Dodge’s popular muscle cars, the two-door Challenger and four-door Charger, will be discontinued in 2023 and replaced in 2024 by a fully electric model, the Wall Street Journal reported Wednesday.

Dodge announced two new electric vehicles at the Dodge Speed Week event in Pontiac, Michigan, this week, according to a press release by Dodge parent company Stellantis. The first was the Dodge Hornet, a Compact Utility Vehicle that offered both a plug-in hybrid and traditional gas engine model, and the second was the battery-powered muscle car, the Charger Daytona SRT Concept, named in honor of the Charger Daytona, the first car to break 200 mph on a NASCAR track.

“The [Concept] exists because performance made us do it,” said Tim Kuniskis, Dodge Chief Executive Officer in a press release. “Dodge is about muscle, attitude and performance, and the brand carries that chip on its shoulder and into the [electric vehicle] segment through a concept loaded with patents, innovations, and performance features that embody the electrified muscle of tomorrow… Charger Daytona does more than define where Dodge is headed, it will redefine American muscle in the process.”

The announcement comes as Stellantis, who also owns well-known brands Jeep, Ram, Chrysler and Alfa Romeo, has targeted a goal of 50% of U.S. sales to be battery-powered electric vehicles by 2030, the Wall Street Journal reported. Dodge has historically caused headaches for Stellantis, with the low gas mileage of the Charger and Challenger contributing to the low average fuel economy of Stellantis’ fleet, leading to steep fines for failing to meet emissions standards.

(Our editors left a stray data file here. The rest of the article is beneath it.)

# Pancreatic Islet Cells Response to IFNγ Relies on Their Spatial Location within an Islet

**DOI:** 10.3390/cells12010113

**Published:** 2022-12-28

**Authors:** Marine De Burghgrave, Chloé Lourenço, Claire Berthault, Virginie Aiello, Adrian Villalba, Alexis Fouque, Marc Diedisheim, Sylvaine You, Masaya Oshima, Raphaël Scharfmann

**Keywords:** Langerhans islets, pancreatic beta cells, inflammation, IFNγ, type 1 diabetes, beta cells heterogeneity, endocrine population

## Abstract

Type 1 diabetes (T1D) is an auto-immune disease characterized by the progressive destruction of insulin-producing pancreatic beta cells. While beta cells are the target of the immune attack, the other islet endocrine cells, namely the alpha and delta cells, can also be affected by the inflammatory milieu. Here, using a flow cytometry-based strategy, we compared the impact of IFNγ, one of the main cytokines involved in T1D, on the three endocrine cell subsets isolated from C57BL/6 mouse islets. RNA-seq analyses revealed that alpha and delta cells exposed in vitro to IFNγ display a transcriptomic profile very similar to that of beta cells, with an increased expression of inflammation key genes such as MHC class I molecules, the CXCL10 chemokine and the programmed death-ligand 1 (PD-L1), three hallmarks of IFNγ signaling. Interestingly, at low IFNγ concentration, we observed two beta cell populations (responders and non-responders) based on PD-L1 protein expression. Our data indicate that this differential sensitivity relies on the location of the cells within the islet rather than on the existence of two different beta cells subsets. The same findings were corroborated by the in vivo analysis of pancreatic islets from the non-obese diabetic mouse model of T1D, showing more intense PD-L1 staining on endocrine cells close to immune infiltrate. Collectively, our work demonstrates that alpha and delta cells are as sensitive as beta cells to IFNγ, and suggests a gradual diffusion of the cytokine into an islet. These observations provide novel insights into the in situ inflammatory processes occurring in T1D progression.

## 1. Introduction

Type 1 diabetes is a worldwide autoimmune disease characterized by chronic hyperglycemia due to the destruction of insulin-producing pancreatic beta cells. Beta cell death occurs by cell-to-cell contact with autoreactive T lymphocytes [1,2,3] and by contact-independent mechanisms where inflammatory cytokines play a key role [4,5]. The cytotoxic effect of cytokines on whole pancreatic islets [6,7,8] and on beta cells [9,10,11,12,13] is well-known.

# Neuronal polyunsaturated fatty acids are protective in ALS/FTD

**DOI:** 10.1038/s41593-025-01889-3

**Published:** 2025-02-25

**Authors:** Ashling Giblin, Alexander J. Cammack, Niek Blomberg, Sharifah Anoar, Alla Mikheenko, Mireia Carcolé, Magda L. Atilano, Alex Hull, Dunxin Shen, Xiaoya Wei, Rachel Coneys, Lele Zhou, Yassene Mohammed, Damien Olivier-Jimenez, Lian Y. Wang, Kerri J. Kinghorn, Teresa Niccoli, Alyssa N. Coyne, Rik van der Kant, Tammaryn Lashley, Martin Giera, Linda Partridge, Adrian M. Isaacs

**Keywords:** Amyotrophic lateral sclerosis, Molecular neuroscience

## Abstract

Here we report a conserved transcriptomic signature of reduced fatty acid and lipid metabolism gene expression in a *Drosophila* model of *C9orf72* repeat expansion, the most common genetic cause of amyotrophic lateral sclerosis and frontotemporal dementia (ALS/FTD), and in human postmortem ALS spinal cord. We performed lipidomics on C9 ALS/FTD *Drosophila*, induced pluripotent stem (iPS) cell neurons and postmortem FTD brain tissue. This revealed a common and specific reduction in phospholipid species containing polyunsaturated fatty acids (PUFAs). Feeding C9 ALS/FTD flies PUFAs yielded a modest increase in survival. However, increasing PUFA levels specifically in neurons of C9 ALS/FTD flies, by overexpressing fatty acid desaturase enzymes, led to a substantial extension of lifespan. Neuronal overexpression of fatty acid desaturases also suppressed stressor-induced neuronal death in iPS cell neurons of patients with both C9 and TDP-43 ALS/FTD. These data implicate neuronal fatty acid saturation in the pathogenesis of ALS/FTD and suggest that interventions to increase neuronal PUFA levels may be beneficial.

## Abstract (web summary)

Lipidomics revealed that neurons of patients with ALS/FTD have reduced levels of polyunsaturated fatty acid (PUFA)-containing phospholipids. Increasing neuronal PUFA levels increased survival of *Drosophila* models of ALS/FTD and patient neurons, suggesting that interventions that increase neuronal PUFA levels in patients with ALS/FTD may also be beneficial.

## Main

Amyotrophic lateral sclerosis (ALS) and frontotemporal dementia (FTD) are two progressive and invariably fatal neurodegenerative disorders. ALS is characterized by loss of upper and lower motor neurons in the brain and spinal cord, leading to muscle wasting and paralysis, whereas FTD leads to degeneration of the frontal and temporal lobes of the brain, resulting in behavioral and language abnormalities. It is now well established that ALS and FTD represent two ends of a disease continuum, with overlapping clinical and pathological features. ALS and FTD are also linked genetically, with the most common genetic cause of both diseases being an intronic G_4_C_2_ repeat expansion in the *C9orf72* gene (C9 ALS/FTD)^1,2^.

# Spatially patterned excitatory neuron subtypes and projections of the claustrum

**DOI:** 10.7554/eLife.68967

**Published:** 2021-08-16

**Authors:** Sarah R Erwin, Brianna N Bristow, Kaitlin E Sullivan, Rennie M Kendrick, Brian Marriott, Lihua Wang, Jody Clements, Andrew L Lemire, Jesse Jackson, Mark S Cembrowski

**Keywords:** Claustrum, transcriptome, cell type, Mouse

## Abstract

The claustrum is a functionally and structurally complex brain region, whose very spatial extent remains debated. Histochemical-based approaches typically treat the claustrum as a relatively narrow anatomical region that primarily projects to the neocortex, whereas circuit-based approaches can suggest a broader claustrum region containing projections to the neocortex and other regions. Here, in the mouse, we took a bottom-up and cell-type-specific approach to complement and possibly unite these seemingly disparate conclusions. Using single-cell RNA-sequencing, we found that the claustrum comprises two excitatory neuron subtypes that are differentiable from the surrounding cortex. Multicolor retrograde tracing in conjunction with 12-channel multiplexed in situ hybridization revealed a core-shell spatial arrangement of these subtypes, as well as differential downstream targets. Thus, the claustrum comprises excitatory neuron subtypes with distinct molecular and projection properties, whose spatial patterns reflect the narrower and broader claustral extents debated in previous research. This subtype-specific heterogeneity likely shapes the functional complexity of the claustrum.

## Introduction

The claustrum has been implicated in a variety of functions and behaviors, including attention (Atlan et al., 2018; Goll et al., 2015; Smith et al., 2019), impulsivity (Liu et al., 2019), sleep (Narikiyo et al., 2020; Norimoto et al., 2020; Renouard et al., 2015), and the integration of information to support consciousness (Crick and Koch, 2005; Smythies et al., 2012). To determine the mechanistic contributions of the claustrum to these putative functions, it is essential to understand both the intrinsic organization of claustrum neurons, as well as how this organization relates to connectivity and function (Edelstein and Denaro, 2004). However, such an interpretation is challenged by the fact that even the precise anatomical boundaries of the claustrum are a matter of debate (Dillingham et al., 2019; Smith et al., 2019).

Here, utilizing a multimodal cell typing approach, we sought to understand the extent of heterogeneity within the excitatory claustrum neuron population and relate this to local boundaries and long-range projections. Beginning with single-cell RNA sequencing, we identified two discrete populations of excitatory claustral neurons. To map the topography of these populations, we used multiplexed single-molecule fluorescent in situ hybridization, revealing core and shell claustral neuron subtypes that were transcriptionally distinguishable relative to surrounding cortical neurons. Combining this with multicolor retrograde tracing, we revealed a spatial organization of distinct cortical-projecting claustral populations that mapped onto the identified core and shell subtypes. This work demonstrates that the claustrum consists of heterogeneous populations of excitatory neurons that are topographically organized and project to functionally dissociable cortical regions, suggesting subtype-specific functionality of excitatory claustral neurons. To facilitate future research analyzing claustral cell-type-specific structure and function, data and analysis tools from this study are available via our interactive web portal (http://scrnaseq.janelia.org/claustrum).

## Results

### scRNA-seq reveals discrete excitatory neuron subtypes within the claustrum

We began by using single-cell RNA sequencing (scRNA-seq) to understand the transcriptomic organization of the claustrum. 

A July regulatory filing revealed that Stellantis had earmarked $685.5 million to pay for U.S. fuel efficiency penalties, the WSJ reported. Dodge, whose only other car besides the Challenger and Charger is the Durango SUV, is being prepared to convert fully to electric vehicles, according to Stellantis Chief Executive Officer Carlos Tavares, the WSJ reported.

Stellantis is adamant that the car “feels like [a] Dodge – and just happens to be a battery-electric vehicle,” noting that the new 800 volt Banshee electric motor is faster than the popular high-performance Challenger and Charger models “in all key performance measures,” according to the press release. In order to preserve this feel, Dodge is going so far as to use an “amplifier and tuning chamber” to re-introduce a sound similar to a classic muscle car.

“While most [electric vehicles] embrace their virtually silent electric motors, that just won’t do for Dodge,” said Dodge in the press release. “The Charger Daytona SRT Concept voices a 126 dB roar that equals the SRT Hellcat, generated through a new, patent-pending Fratzonic Chambered Exhaust system.”

Dodge stressed in a marketing video that electrification is the next step in the automotive industry, and that Dodge “didn’t want to follow” other companies into the future. Some dealers, however, think it will be a challenge to convince existing fans of the muscle cars, who are particular about aesthetics and the ‘feel’ of driving a combustion engine, the WSJ reported.

Kuniskis told the WSJ that he didn’t expect to win over every fan, but that the new model preserved the intangibles of current cars.